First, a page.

Calgary's history with horses
From milk delivery to meter reading to transportation, horses helped build our modern metropolis
When we Calgarians think of horses, we're likely to think of the Stampede. But horses have a much longer history in our city. They helped build this place we call home, from the moment the N.W.M.P. rode up to the Bow back in 1875.
Horses in Calgary's early history were often brought in from British Columbia and later Montana. They were driven here in herds, sometimes as many as 500 at a time.
Man with his saddle horse,1890.
The fashionable women around town also took the reins for themselves in Calgary's early days. Francis Wood was married to a N.W.M.P. officer stationed here, and she lived at the barracks. Her horse was named Punch, and she drove what she called, "the applecart."
Calgary didn't have a motorized fire truck until 1910. Before that, horse-drawn vehicles responded to emergency calls. The ladders they drew could reach a remarkable 23 metres (75 feet) into the air.
Calgary horse race, circa 1900.
Calgary is now famously home to Spruce Meadows and its internationally renowned jumping competitions, but well over a hundred years ago, some Calgarians were getting into the game early.
Fred Jarvis, an early settler, used his horse to get from the far flung community of Forest Lawn down into the bustling town of Calgary.
First Nations family, circa 1900.
A common sight on Calgary streets, cars eventually replaced horses for daily milk delivery until the whole thing fell out of fashion. But the Union Milk Company of Calgary still delivered by horse until the 1940s.
Elsie Millar is riding side saddle, with both legs on one side of her horse. It was often considered immodest for a woman to straddle a horse. Millar rode horses a good deal of her life, and even competed in equestrian events as far away as Vancouver.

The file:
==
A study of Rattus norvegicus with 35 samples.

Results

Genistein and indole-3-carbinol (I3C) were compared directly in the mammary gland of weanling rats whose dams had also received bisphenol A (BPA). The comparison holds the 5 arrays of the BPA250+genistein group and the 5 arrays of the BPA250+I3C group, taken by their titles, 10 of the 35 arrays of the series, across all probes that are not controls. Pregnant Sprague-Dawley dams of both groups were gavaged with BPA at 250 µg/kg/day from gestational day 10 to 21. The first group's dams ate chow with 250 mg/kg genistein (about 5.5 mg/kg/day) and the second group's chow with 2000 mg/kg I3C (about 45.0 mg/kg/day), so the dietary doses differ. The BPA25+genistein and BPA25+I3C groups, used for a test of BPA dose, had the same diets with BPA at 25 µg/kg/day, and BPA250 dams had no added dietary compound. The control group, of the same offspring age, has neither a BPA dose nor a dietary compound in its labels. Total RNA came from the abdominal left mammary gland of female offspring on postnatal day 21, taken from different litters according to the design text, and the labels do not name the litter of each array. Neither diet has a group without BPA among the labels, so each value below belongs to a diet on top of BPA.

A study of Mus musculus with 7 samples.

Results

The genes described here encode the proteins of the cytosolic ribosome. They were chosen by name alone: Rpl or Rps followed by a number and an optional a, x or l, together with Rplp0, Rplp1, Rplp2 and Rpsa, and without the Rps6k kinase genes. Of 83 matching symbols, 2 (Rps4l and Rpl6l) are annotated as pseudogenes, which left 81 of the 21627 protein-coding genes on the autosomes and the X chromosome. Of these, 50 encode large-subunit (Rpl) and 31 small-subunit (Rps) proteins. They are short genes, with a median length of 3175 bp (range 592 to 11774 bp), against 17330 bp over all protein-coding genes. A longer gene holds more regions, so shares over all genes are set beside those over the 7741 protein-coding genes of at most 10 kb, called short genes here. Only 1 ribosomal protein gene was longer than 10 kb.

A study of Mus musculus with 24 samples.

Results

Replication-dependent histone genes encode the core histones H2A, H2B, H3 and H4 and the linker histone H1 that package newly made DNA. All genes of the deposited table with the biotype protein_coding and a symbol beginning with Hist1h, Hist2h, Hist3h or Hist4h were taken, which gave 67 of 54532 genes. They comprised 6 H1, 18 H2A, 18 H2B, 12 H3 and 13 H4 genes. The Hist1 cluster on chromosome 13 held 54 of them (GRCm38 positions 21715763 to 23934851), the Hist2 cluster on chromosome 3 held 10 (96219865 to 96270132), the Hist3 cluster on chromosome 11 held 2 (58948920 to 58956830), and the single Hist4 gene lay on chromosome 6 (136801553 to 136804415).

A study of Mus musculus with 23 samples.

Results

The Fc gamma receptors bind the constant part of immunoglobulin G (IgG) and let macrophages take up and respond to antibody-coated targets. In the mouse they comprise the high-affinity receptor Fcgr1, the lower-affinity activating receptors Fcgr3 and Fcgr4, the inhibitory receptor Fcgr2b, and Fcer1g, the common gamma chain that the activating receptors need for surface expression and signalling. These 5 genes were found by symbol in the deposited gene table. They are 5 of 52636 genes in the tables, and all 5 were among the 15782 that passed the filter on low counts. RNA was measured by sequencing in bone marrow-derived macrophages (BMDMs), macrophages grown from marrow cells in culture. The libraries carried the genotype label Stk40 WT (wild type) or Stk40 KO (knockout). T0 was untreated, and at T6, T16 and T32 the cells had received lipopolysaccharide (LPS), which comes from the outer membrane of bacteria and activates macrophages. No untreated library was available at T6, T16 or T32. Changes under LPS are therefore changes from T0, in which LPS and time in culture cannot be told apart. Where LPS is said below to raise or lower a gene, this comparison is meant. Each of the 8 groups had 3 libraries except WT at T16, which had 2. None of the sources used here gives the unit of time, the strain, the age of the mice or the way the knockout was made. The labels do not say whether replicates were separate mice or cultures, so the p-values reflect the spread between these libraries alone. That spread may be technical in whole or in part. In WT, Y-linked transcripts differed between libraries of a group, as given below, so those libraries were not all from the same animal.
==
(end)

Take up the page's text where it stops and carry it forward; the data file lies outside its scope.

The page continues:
James Abel and his family used to ride into Calgary from the outlying community of Bowness.
Even in the dead of winter, early Calgarians needed to get around town. Robert C. Thomas — owner of the Wales Hotel — and his family made use of a horse-drawn sleigh. Their horse's name was Sally.
Calgary's dirt roads were as tough to keep up then, as now. Horses were used as graders to level the dirt streets. Tough work, but efficient before pavement.
This is the very first "meter rig" in Calgary. A horse-drawn cart for the Calgary Gas Company.
Patrick Burns was one of Calgary's earliest entrepreneurs, and one of the "Big Four" that started the Calgary Stampede. At one point he owned four separate ranches with over 1,500 horses. This was a delivery cart for Pat Burns & Company that plied the streets around 1914.
Death and horses
An early Calgary hearse. Funeral carriage for Jacques Funeral Home, circa 1916.
Colonel Robert Belcher and his horse at the Sarcee military grounds (now Westhills) in 1916. Born in London, Belcher came to Calgary in 1875 as a member of the N.W.M.P. He later served in the Lord Strathcona's horse regiment in the Boer War, and later in the First World War.
Calgary at a Crossroads is CBC Calgary's special focus on life in our city during the downturn. A look at Calgary's culture, identity and what it means to be Calgarian. Read more stories from the series at Calgary at a Crossroads.